Carl Lewis Loses Ruling in Bid for N.J. Senate Ballot Spot

Thursday, 22 Sep 2011 05:04 PM



The U.S. Court of Appeals in Philadelphia reversed its earlier decision to restore the former athlete to the ballot. The same three-judge panel that initially decided the case changed its opinion today after hearing additional arguments from state Republicans who filed an emergency appeal.

“It is unfortunate that the voters of the Eighth Legislative District are being denied a meaningful choice in this election by today’s decision,” William Tambussi, an attorney for Lewis, said in an e-mailed statement. “The extreme measures taken by the Republican Party to keep Carl Lewis off the ballot truly do a disservice to the voters.”

Lewis, a 50-year-old Democrat, is seeking a spot on the ballot for New Jersey’s Eighth Legislative District. The former track-and-field star won an uncontested primary election in June after the appeals court temporarily barred enforcement of a ruling by New Jersey’s top election official that he was ineligible to run because he didn’t meet the state’s four-year residency requirement.

Lieutenant Governor

New Jersey Secretary of State Kim Guadagno, a Republican who also serves as lieutenant governor, refused to certify Lewis as a candidate last month. The appeals court last week overturned a Sept. 6 ruling by U.S. District Judge Noel Hillman upholding Guadagno’s decision, saying that the state’s four-year residency requirement didn’t violate Lewis’s constitutional rights. The same appeals panel vacated that ruling earlier this week but left Lewis’s name on the ballot while it reconsidered the case.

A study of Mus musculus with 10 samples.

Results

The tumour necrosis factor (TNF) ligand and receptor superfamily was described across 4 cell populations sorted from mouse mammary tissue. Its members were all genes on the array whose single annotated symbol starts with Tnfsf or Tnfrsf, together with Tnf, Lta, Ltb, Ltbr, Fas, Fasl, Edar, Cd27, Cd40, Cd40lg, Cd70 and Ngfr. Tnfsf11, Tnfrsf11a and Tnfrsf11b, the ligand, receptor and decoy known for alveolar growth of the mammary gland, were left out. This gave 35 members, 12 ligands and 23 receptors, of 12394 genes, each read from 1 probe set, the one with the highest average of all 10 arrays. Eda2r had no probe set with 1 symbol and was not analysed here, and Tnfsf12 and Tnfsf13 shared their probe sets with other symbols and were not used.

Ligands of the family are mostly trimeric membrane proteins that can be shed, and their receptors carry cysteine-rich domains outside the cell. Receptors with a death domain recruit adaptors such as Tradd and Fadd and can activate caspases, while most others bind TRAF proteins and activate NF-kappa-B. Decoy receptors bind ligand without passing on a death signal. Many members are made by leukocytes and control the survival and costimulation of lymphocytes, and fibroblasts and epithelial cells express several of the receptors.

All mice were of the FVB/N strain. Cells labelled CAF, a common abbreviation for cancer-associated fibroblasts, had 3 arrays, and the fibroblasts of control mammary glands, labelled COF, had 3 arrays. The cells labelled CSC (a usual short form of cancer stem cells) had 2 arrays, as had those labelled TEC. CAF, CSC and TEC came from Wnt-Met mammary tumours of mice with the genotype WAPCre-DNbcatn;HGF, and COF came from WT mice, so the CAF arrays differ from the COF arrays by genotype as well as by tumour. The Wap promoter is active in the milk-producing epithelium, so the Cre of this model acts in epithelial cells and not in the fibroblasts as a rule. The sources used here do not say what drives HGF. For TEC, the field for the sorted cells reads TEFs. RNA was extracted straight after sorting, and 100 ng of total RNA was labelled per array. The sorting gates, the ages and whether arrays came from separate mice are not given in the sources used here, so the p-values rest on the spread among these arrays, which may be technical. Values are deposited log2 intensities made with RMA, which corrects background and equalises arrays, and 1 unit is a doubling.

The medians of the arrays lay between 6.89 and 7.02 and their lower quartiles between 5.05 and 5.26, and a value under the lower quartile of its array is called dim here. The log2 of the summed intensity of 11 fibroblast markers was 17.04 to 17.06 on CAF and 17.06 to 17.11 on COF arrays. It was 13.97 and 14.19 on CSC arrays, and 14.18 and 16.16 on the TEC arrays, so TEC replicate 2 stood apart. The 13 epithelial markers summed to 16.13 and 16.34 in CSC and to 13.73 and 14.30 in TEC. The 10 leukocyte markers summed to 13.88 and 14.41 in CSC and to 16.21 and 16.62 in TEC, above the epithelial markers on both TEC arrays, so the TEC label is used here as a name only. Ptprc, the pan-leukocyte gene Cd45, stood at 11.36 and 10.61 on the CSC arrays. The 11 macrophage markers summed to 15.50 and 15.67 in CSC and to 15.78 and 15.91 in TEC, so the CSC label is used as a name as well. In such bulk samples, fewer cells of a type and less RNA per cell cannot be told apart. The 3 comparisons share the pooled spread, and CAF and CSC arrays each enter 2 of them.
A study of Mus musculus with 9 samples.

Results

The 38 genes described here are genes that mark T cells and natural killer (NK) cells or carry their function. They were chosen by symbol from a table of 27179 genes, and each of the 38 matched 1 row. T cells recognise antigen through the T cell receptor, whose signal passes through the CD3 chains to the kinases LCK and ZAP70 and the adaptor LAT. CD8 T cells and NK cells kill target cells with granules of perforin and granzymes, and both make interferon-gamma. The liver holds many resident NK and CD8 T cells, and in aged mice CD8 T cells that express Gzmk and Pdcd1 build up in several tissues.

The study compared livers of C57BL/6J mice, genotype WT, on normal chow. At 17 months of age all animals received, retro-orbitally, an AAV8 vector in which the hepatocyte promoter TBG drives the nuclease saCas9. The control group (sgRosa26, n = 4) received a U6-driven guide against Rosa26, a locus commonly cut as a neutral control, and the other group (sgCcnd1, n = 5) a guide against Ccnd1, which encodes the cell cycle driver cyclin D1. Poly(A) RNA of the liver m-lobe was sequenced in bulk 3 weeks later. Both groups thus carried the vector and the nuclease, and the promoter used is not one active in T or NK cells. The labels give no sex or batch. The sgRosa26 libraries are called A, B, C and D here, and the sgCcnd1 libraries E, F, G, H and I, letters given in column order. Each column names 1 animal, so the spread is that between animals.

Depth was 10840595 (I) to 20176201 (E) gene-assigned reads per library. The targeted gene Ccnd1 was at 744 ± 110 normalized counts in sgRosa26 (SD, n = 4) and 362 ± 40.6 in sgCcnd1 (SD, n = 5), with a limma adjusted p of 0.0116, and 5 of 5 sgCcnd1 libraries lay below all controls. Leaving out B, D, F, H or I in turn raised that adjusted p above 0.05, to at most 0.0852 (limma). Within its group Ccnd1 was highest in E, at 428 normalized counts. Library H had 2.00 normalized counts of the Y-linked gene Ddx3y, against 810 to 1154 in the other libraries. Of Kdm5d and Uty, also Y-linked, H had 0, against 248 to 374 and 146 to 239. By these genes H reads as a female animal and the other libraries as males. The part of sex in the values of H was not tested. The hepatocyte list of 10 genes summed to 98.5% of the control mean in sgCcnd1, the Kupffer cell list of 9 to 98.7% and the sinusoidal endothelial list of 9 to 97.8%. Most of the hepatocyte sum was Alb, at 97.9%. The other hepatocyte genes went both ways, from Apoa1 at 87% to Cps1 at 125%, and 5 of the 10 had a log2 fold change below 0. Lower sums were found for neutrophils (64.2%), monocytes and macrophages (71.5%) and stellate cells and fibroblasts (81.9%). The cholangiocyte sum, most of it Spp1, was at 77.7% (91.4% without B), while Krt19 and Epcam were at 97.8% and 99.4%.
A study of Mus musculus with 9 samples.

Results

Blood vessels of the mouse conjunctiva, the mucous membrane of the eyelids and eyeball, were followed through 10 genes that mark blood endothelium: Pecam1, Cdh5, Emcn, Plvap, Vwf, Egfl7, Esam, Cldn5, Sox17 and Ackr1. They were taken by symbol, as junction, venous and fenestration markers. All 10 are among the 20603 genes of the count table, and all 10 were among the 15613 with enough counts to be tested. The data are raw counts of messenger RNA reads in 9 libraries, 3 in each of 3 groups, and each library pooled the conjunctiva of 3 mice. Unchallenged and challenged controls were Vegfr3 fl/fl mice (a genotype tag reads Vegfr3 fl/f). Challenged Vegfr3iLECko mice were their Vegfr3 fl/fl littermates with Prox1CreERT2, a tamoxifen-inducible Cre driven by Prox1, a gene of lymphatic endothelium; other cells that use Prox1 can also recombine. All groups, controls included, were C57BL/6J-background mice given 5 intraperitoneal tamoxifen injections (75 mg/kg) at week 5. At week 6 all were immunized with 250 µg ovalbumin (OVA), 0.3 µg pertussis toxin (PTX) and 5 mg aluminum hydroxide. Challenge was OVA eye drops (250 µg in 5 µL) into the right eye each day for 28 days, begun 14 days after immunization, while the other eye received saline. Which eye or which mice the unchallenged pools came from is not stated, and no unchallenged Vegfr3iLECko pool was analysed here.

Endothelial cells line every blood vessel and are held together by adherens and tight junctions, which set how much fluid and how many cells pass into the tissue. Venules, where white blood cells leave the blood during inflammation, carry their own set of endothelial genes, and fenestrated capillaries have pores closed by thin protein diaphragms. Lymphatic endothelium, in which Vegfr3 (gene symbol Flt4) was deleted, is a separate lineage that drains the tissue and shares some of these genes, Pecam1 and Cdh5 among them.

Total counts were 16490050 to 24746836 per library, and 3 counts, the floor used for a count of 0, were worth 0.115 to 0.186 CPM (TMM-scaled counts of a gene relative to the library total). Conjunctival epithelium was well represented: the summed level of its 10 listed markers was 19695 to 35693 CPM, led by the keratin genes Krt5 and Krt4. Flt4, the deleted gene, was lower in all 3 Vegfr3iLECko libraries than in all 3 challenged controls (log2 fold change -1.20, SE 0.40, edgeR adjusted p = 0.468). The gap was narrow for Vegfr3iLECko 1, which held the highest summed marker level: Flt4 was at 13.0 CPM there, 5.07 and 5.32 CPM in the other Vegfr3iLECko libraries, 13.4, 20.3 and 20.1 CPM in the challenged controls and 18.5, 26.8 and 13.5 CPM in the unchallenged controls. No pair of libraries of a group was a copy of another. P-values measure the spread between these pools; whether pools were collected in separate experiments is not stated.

State Republicans had asked for an “en banc” re-hearing, in which all 13 circuit court judges would hear the case. It’s within the court’s discretion how many judges should hear the case and the original panel agreed to re-hear arguments, Tambussi said. Lewis could appeal for an “en banc” hearing or petition the U.S. Supreme Court.

The case turned on whether Lewis had his primary residence in the state before a Nov. 8, 2007, cutoff. Lewis grew up in New Jersey and competed for Willingboro High School before moving to Texas and California. Lawyers for the former long jumper and sprinter said he had a condominium in Mount Laurel in 2005 and then bought a home in nearby Medford in 2007, where he lives.

After Cutoff

Guadagno said the record showed Lewis didn’t buy his current home until Nov. 16, 2007, eight days after the cutoff. She also argued that Lewis certified he was a California resident each time he voted there in three elections in 2008 and one in 2009.

Lewis has been campaigning to represent a district that has traditionally elected Republicans. Incumbent Dawn Marie Addiego, a Republican, was appointed to fill the vacancy left by Phil Haines, who was named to the superior court bench.

The federal case is Lewis v. Guadagno, 1:11-cv-02381, U.S. District Court, District of New Jersey (Camden). The appeal is Lewis v. Guadagno, 11-3401, U.S. Court of Appeals for the Third Circuit (Philadelphia).